Recommended in Boardman Schools:   July 7, 2011 Edition  
     BY JOHN A. DARNELL JR.
      associate editor
      A Boardman Local Schools Drug testing Committee recommended a voluntary drug testing program for the Boardman system during the local school board’s June meeting held last week at Center Middle School.
      Addressing the school board on behalf of the committee was member Sue Downie.”The program we recommend is a voluntary program,” Mrs. Downie said, adding “By making it voluntary, parents have a choice...The program would be open to all students, athletes and non-athletes.”
      In recommending a voluntary program, the burden of the cost of the program and responsibility of providing a rehabilitation program for students who could test positive would be shifted to parents, and not the local school system.
      “Drug use is a social issue,” Mrs. Downie said, noting a voluntary program would be open to all students.
      “It is an important program for our students and it is amazing how many parents said they would have their children tested,” Mrs. Downie told the school board.
      Boardman High School Principal Tim Saxton told the school board he hoped sports teams “would decide to do this,” adding “The results would go straight to the parents...It would be on their shoulders to notify us, we wouldn’t get any results.”
      School Board President Ken Beraduce said the board could act on the recommendation at the group’s July meeting.
      The full recommendation of the committee included the following:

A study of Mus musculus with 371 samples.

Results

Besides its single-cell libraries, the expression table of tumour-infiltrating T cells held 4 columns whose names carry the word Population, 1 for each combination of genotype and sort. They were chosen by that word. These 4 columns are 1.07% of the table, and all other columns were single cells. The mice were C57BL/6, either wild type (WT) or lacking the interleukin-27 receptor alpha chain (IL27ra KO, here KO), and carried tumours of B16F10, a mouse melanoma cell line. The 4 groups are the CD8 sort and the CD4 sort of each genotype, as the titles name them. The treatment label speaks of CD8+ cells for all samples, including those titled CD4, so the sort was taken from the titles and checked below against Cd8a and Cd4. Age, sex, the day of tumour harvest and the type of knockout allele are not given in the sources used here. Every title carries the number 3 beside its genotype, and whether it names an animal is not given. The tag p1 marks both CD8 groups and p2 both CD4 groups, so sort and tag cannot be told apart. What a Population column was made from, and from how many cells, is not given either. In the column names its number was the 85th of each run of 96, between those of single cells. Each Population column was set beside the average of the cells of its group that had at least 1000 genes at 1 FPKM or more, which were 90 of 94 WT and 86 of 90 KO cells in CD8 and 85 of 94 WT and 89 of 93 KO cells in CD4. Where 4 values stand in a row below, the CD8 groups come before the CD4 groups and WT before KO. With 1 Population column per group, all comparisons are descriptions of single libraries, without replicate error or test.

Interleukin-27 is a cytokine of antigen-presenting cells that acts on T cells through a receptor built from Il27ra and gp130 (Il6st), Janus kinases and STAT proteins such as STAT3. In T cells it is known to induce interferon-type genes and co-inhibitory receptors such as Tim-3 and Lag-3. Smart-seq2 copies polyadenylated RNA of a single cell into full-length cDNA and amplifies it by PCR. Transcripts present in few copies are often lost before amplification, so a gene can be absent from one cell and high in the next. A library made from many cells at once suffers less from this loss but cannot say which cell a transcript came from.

•The drug testing program would be provided as an ancillary service to school families on a strictly voluntary basis.
      •A base program would include a 9-panel drug screen.
      •Parents could upgrade to a screen that also included tests for steroids, alcohol and other substances.
      •The committee recommended using Work Med as the testing organization.
      •The enrollment period could be set anytime during the school year. (Mrs. Downie said that the committee recommended that no students be pulled from a classroom for a drug test).
      •Athletic teams could decide if they wanted to volunteer for the tests as a group.
      •Reporting of positive results would be left to the discretion of parents.
      •A handout detailing the program would be created for school families.
      •Information would be provided to any parent requesting an immediate drug screen.
      •So-called future communications on drug testing would be provided through school mailings, PTA newsletters, pre-season sports meetings and at open houses.
      “This could be a great service, a starting point,” Beraduce said.
      The school board also held some discussion of its newly-instituted $50 sports fee of $50, raising discussion on the cost of the program and how it applies to student-athletes who compete in more than one sport; and as it relates to families who have more than one child competing in sports programs.
      The drug testing committees, in a handout given only to the school board, said the cost of the school system to finance a drug screening program would be between $40,000 to $60,000 annually, and that costs should not be passed on to parents “with the new addition of an athletic
      fee.”
      According to information presented at the June meeting by Treasurer Richard Santilli, the Boardman Local Schools operate on an annual budget of some $52.393 million.